The U.S. Department of Health and Human Services’ Office of Population Affairs (HHS/OPA) issued a guidance document titled “Gender Affirming Care in Young People,” in April.
The document claims to outline an established standard of care for the social, pharmacological, and surgical “affirmation” of children and adolescents who identify as transgender. Announcing the new document, Assistant Secretary for Health Rachel Levine said “There is no argument among medical professionals—pediatricians, pediatric endocrinologists, adolescent medicine physicians, adolescent psychiatrists, psychologists, etc.—about the value and the importance of gender-affirming care.”
This extreme statement was not backed up by evidence, and physicians and members of Congress appropriately rebuked it.
Unapproved Treatments, On-Demand
The HHS/OPA document gives the impression that anyone and everyone should start writing prescriptions and scheduling surgical procedures to transition children.
But, as a pharmacologist, pharmacist, and research scientist who has dedicated his life to drug safety, drug development, and evidence-based clinical and non-clinical science and medicine, I have some important questions about the remarkable omissions in the document.
Puberty blockers and cross-sex hormones for gender transition are all off-label, non-FDA-approved uses, but there is no mention that any FDA and non-FDA drug safety databases were reviewed to assess risks. There is no indication the FDA was consulted.
The guidance fails to mention short- and long-term risks, shortcomings, disadvantages, and alternatives to the various proposed treatments and procedures. There is no mention who wrote the document and what their credentials are.
Even though the document refers exclusively to psychological sources, it makes no recommendation for any psychological evaluation or a list of criteria to be used before a patient would undergo such life-altering intervention.
Should there be a waiting or evaluation period prior to a pharmacological or surgical intervention period, or should clinicians—as the document implies—simply proceed on an on-demand basis?
OPA focuses on family planning, teen pregnancy, and adoption—according to its mission statement—so why is it even commenting on gender transition treatments?
Anyone looking for answers in the guidance document will come up short.
Work of Activists?
The HHS/OPA guidance document is only two pages long, including tables and references, and officials gave no indication it is anything other than a final agency position.
As a former senior executive FDA drug safety official, I must wonder why my 20,000-plus former FDA colleagues are not speaking out after being circumvented on transgender clinical pharmacology recommendations by an obscure, obviously unqualified HHS office.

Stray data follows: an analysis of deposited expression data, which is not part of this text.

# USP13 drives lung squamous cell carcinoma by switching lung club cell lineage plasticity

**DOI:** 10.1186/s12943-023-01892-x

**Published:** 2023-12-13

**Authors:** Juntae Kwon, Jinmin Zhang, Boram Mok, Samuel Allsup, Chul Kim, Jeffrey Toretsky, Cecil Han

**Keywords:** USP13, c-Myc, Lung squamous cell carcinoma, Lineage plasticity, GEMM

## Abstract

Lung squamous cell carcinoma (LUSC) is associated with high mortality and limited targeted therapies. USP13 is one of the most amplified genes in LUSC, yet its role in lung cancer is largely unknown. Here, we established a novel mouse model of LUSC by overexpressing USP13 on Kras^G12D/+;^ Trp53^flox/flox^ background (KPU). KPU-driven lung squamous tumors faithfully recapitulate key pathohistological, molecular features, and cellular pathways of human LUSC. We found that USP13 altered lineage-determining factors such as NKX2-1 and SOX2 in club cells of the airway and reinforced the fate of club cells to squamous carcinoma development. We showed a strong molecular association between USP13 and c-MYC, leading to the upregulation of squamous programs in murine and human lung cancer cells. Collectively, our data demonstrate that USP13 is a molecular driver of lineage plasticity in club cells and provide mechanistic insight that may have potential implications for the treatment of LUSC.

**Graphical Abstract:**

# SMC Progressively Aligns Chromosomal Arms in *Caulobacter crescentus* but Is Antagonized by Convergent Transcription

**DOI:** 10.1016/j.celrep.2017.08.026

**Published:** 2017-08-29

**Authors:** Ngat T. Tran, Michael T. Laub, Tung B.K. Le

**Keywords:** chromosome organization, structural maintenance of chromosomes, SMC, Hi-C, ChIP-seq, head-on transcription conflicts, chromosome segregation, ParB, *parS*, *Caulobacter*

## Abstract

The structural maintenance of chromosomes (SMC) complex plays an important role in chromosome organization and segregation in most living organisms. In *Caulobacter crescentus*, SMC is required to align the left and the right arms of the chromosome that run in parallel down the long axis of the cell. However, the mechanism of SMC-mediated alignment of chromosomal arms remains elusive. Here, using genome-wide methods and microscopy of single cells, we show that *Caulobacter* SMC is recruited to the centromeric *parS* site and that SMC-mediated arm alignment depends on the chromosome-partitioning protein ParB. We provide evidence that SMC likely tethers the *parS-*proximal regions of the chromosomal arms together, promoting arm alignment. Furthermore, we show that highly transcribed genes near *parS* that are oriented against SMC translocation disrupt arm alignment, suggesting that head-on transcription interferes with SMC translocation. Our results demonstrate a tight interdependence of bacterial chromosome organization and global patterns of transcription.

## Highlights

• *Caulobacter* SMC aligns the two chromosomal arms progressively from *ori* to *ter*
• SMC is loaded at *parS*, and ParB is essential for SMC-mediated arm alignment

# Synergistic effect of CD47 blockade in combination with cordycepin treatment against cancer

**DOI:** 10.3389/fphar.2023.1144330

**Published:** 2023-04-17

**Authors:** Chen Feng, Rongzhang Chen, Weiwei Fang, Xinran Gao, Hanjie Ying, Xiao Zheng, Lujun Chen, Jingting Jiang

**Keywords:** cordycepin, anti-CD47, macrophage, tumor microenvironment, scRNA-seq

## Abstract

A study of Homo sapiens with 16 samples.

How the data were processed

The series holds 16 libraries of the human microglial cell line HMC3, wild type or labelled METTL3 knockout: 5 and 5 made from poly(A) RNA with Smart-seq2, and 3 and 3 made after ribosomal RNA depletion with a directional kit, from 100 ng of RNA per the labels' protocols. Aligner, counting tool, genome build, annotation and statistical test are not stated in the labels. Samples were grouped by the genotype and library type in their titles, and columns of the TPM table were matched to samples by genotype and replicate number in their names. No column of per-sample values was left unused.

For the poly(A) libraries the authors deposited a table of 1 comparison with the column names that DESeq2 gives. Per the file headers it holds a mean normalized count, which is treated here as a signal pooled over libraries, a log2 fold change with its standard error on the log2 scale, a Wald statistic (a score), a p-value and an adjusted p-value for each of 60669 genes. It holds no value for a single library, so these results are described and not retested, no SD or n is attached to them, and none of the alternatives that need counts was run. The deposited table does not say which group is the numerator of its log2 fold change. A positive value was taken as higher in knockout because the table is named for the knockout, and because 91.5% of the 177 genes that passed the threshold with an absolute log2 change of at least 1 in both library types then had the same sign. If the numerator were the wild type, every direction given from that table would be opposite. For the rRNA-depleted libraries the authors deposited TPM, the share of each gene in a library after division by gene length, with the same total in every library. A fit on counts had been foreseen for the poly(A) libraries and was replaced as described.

HHS has a taxpayer-funded budget of over $1.5 trillion yet has given taxpayers a demonstrably thoughtless list of propaganda points, likely written by activists in a rush to promote transgender ideology.
Although the HHS/OPA has its own, in-house Office of Research and Evaluation, its guidance ignored both clinical and scientific concepts and sought no comment or input from relevant federal agencies or non-governmental organizations, despite having easy access to them.
The only specific studies cited in the document deal with psychological issues. There are no studies referenced to back up the pharmacological, genetic, medical, surgical, gynecological, and endocrinological dimensions of gender transition.
The document represents a “feeling,” not the evidence-based justification health guidance requires.
Florida state Surgeon General Joseph Ladapo, M.D., Ph.D. has already pushed back on the guidance.
“The federal government’s medical establishment releasing guidance failing at the most basic level of academic rigor shows that this was never about health care,” said Ladapo. “It was about injecting political ideology into the health of our children. Children experiencing gender dysphoria should be supported by family and seek counseling, not pushed into an irreversible decision before they reach 18.”
Likewise, the Society for Evidence-Based Gender Medicine (SEBGM) spoke out against the guidance, writing there are “misstatements of the effects of social transition on well-being,” and an “unsupported claim of the reversibility of puberty blockers.”
SEBGM said the document makes an inaccurate statement regarding the age eligibility for surgery, and “overreaching claims” on improvements to adolescent mental health.
It faults the document for omitting any discussion of risks, “conflation of distinctly difference concepts,” and “misleading information on the incidence of suicide and suicidality.”
The federal government seems hyper-focused on “misinformation” in health care and other policy areas.
In a May 2022 interview, FDA Commissioner Robert Califf, M.D., stated “misinformation is the leading cause of death in the U.S.” He failed to acknowledge the federal government’s role as a purveyor of misinformation.
The federal government’s request for comments on health misinformation regarding COVID-19 should expand to include misinformation on transgender interventions and HHS/OPA’s transgender “guidance document” ought to be placed at the top of that list.
David Gortler, Pharm.D, is a pharmacologist, pharmacist, an FDA, and health care policy oversight fellow, an FDA reform advocate at the Ethics and Public Policy Center, and a policy advisor to The Heartland Institute. A version of this article appeared in Newsweek on May 19, 2022. Reprinted with permission.